The Gospel text for this Sunday [John 20:19-31] should be familiar to many; in the three-year series and in the one-year series, it is ALWAYS the text for the second Sunday of Easter. You cannot get away from this text.
For a while, a couple of these verses also appeared within The Small Catechism. In the section on Confession, in the 1986 edition of Luther’s Small Catechism (notice how Luther’s name somehow moved to the primary position), there were the following three questions and answers:
What is the Office of the Keys?*
The Office of the Keys is that special authority which Christ has given to His church on earth to forgive the sins of repentant sinners, but to withhold forgiveness from the unrepentant as long as they do not repent.
Where is this written?*
This is what St. John the Evangelist writes in chapter twenty: The Lord Jesus breathed on His disciples and said, ‘Receive the Holy Spirit. If you forgive anyone his sins, they are forgiven; if you do not forgive them, they are not forgiven.’ [John 20:22-23]
What do you believe according to these words?*
I believe that when the called ministers of Christ deal with us by His divine command, in particular when they exclude openly unrepentant sinners from the Christian congregation and absolve those who repent of their sins and want to do better, this is just as valid and certain, even in heaven, as if Christ our dear Lord dealt with us Himself.
Note that each of these three questions has an asterisk. In that edition, the following sentence is also given: ‘* This question may not have been composed by Luther himself but reflects his teaching and was included in editions of the catechism during his lifetime.’
To borrow a question: What does this mean? These questions could be included, and they could be left out. This is not about Luther; this is about teaching, and that is more important.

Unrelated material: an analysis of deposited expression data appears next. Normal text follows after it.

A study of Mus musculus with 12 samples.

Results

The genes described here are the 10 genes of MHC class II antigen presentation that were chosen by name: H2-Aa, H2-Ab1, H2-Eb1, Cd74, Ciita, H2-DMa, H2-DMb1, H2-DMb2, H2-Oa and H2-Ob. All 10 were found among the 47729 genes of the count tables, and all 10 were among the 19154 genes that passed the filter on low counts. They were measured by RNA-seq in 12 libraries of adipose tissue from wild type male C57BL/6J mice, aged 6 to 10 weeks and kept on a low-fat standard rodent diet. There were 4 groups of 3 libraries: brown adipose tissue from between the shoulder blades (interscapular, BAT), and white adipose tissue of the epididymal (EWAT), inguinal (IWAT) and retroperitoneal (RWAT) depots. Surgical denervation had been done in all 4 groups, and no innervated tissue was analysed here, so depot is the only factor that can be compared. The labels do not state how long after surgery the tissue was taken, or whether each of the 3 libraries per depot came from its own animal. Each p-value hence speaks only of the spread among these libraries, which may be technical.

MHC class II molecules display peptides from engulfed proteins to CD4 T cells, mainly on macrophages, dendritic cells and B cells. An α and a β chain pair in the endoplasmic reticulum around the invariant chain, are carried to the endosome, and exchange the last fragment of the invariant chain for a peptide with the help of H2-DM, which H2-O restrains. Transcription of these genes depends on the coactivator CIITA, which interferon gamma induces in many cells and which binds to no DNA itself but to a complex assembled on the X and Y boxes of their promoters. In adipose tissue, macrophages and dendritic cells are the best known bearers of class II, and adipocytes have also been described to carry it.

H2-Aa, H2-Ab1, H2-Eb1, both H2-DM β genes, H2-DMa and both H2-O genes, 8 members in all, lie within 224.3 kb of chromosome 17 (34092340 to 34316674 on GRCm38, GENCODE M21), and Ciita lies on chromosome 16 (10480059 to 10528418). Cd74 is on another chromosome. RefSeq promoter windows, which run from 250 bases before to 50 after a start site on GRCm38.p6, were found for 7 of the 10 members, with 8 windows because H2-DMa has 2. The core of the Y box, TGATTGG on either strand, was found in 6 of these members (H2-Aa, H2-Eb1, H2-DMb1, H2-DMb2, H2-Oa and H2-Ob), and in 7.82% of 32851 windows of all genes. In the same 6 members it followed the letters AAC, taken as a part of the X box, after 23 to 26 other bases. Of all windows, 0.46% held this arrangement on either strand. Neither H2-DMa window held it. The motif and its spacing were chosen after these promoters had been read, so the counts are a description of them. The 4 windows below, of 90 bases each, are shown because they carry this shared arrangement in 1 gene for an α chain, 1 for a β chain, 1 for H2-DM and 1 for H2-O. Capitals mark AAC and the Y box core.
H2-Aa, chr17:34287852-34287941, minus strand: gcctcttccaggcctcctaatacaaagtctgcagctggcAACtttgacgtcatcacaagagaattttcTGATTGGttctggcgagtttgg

If these three questions would be included, that would be okay. The five-hundredth-anniversary booklet of this catechism, entitled A Simple Explanation of Christianity, leaves these three questions in, but it leaves out the footnote. Leaving the footnote out helps to bring a greater focus on the included text. The year 2017 was an anniversary of the START of the Reformation. There is much more that could be said. There is much more that WILL be said as the 500th anniversaries of various Reformation events continue.
If these three questions would be left out, that would also be okay. This section would, in the end, focus on Confession, and that is not a bad thing. Obviously more emphasis should rightly, then, be given to the Absolution. Another good thing is the decreased emphasis on the pastor; the Lord’s words are the important thing.
You can see this lack of emphasis also in the fifth article of the Augsburg Confession of 1530, the article on ‘The Ministry’. Here is the translation given in the ‘Reader’s Edition’:
‘So that we may obtain this faith, the ministry of teaching the Gospel and administering the Sacraments was instituted. Through the Word and Sacraments, as through instruments, the Holy Spirit is given. He works faith, when and where it pleases God, in those who hear the good news that God justifies those who believe that they are received into grace for Christ’s sake. This happens not through our own merits, but for Christ’s sake (Second Edition, 2005, Concordia Publishing House, St. Louis, Missouri).’
Where is the pastor? That is the point! All the way through the scriptures, it is the Word of the Lord that is the important thing (see Acts 28:31).